Total Planetary Domination (A Continuing Series)

Thanks to Glenn for pointing to Hypersonic Cruise Missile: America’s New Global Strike Weapon, in which we read that “[i]n 2001, Defense Department planners began searching for something that could hit a foe almost instantly without risking a nuclear holocaust.”


Add conventional SLBMs and X-51s to our arsenal. Heh.

6 thoughts on “Total Planetary Domination (A Continuing Series)”

  1. This is all good. We need to buy all this stuff, lots of it.

    Who exactly we will throw this stuff at is another question.

    But, I say, let everybody else worry about that.

    Them: “Hey, uh, you aren’t going to use that stuff on us, um, are ya?”
    US: “Uh. What? You? Uh. Dunno. Have you made me mad at you for some reason?”
    Them: “Oh, no, I don’t think so.”
    US: (grunted response) “Then shut the f**k up.”

    That is my vision of how we should do international politics. A loaded gun on the table, a hostile stare, absolutely no mr. nice guy. Buy our stuff, sell us your stuff stuff, don’t make us mad at you, I’m not your friend. No ambiguity.

    We still need to see some progress on the swarms of robot crabs, but one thing at at time.

  2. Actually, I think there may be some valid concerns about the Trident/hypersonic-CM idea. Our current threshold of provocation for using Tridents is extremely high and we never use them. But if improved technology makes us more likely to use them, it might start to make sense for our enemies to try to provoke strikes by us on decoy targets as a way to get us to use up our inventory of extremely expensive missiles. If each submarine carries just two non-nuclear Tridents, that means there are only about 100 non-nuclear warheads available for use at any one time. The enemy doesn’t need to get more than a very few few nuclear bombs through our defenses. And while kinetic-warhead SLBMs or fast cruise missiles will allow us to destroy any target without incurring the external costs of using nukes, we still need to find the right targets.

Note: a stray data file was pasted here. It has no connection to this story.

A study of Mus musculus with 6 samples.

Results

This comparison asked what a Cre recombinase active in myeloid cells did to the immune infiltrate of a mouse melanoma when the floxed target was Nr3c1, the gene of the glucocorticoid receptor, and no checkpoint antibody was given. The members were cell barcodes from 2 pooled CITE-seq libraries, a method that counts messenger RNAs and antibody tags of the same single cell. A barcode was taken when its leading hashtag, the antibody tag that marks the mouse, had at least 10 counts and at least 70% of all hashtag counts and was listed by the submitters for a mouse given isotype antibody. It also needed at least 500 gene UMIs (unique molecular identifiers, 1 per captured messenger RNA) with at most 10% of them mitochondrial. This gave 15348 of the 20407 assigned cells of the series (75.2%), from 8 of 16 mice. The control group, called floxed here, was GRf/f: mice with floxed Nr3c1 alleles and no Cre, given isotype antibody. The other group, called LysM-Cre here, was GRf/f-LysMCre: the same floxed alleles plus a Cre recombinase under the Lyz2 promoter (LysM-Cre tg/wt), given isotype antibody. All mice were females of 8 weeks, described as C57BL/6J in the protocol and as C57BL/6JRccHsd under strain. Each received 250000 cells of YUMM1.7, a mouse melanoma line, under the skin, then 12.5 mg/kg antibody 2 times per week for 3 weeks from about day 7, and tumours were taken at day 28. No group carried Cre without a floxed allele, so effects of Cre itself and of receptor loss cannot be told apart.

IOW, the new technology is promising but we should anticipate that its deployment will lead to changes in tactics by our enemies, particularly if they figure out inexpensive ways to get us to waste our expensive new weapons. Perhaps our plans should include reactivation of the Trident production line (which might be a good idea, though I am sure it wouldn’t be cheap). We might also consider converting a greater proportion of our submarine-based missiles to non-nuclear payloads. Or maybe hypersonic CMs would be cheap enough that we could produce enough of them to make these concerns moot.

  3. Dude, ROBOT crabs. That crawl out of the surf and spy on the bad guys and detonate themselves to clear out mines, etc. Swarms of them.

  4. I would be more impressed by hornets. (I can just hear the line, perhaps delivered by Bruce Willis in some future movie: “Swat this, m—–f—–!”)

    Having said that, I think full implementation of Lex’s geopolitical strategy might require one or more annual parades of the sort that used to take place in Red Square.

    Kinda like the Rose Parade or Macy*s Thanskgiving Day Parade, but with superweapons instead of floats and balloons. Really scary-looking ones. The superweapons, I mean.

    Actually, upon further reflection, floats and balloons would still have their place. We could do floats with big maps of, eg, Iran or Saudi Arabia, and balloon-caricatures of Ahmadinejad et al, hint, hint.

  5. The hornets are totally awesome, and in fact are reminiscent of a scene in the Diamond Age, where Col. Napier is in a sword fight with one of the Fists, and an aerial nanobug comes to the rescue, unchivalrously enough. I don’t think a Red Square style parade will work with this stuff, though. A small price to pay for total planetary dominance.